The nineteenth century was, we have been told, the “century of the poisoner,” when Britain and the United States trembled under an onslaught of unruly women who poisoned husbands with gleeful abandon. That story, however, is only half true. While British authorities did indeed round up and execute a number of impoverished women with minimal evidence and fomented media hysteria, American juries refused to convict suspected women and newspapers laughed at men who feared them.
This difference in outcome doesn’t mean that poisonous women didn’t preoccupy Americans. In the decades following Andrew Jackson’s first presidential bid, Americans buzzed over women who used poison to kill men. They produced and devoured reams of ephemeral newsprint, cheap trial transcripts, and sensational “true” pamphlets, as well as novels, plays, and poems. Female poisoners served as crucial elements in the literary manifestos of writers from Nathaniel Hawthorne and Edgar Allan Poe to George Lippard and the cheap pamphleteer E. E. Barclay, but these characters were given a strangely positive spin, appearing as innocent victims, avenging heroes, or engaging humbugs.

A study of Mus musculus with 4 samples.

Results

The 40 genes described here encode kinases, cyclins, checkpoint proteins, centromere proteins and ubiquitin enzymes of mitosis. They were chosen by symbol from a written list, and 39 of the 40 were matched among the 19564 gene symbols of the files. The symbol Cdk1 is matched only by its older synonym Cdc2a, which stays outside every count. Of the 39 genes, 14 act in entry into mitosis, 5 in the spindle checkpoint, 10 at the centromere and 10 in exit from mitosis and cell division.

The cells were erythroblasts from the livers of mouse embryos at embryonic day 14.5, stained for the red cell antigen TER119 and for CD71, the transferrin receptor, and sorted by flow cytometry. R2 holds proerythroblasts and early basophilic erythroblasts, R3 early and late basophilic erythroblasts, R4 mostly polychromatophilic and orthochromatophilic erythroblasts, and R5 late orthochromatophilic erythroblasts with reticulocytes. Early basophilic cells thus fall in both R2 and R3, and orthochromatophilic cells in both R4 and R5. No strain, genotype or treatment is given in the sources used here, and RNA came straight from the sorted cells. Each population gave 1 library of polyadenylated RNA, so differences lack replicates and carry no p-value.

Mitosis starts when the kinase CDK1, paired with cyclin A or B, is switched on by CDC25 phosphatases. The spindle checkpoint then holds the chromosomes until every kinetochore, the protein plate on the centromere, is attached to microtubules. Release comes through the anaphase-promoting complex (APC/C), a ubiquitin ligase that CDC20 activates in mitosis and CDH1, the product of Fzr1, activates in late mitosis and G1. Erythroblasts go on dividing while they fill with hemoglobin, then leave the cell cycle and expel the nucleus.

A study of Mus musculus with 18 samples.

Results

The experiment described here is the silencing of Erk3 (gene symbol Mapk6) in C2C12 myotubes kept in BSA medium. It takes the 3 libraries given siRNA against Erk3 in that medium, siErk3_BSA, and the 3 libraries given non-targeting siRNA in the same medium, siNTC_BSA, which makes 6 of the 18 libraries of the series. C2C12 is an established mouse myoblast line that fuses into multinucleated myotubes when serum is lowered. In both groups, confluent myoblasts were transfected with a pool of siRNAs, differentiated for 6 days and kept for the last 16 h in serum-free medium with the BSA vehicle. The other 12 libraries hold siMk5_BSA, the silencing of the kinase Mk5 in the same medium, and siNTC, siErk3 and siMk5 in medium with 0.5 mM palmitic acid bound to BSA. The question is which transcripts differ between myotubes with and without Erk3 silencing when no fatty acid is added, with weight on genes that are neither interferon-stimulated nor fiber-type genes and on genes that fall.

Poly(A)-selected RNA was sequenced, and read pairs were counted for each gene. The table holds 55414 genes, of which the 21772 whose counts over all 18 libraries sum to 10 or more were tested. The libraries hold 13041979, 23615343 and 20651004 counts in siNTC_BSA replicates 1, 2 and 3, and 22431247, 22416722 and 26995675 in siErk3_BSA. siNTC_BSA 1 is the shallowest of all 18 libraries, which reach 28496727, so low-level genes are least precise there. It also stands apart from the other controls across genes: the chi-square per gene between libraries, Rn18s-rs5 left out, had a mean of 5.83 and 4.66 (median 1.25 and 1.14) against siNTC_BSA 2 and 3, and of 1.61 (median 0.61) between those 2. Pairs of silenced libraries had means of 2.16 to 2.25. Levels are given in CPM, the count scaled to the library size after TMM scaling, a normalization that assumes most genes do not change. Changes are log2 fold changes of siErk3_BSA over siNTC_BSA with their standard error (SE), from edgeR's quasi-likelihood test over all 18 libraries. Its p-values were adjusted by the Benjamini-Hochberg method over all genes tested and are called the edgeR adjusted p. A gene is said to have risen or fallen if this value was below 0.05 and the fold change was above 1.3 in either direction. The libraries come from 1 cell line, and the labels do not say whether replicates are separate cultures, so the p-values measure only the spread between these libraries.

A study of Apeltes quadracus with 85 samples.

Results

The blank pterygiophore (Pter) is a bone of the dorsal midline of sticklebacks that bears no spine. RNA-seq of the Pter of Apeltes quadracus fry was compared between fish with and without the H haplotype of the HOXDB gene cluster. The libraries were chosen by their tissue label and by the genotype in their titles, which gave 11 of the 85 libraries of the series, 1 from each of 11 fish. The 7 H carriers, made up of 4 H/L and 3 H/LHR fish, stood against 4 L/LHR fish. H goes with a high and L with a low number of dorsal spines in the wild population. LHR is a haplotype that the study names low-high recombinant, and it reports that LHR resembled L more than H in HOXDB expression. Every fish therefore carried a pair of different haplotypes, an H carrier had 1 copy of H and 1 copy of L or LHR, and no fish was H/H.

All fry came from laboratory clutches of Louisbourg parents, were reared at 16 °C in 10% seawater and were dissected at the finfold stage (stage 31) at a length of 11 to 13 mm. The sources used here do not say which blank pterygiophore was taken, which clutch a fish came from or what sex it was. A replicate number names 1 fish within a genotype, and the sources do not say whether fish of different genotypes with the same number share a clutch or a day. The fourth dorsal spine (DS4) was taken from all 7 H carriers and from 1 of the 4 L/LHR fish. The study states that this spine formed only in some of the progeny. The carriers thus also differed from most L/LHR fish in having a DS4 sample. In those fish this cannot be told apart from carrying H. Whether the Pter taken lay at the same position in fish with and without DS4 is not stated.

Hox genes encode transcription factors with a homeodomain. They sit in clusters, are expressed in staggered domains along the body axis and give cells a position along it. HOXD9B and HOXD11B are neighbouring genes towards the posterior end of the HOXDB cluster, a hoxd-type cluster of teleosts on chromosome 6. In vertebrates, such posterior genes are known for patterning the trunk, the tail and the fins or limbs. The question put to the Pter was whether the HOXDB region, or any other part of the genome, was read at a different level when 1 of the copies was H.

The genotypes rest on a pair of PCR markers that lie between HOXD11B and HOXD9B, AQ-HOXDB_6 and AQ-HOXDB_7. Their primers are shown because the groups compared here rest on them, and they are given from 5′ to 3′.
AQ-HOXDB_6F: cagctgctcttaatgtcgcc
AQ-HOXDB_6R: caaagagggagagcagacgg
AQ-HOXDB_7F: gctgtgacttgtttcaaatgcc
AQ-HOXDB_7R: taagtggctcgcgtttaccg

My guest today is Sara L. Crosby and she will explain how Jacksonian America used the figure of the female poisoner.
Sara L. Crosby is an associate professor of English at Ohio State University, where she works on early- and antebellum-American crime writing and print culture. She earned her Ph.D. from the University of Notre Dame and is the author of Poisonous Muse: The Female Poisoner and the Framing of Popular Authorship in Jacksonian America.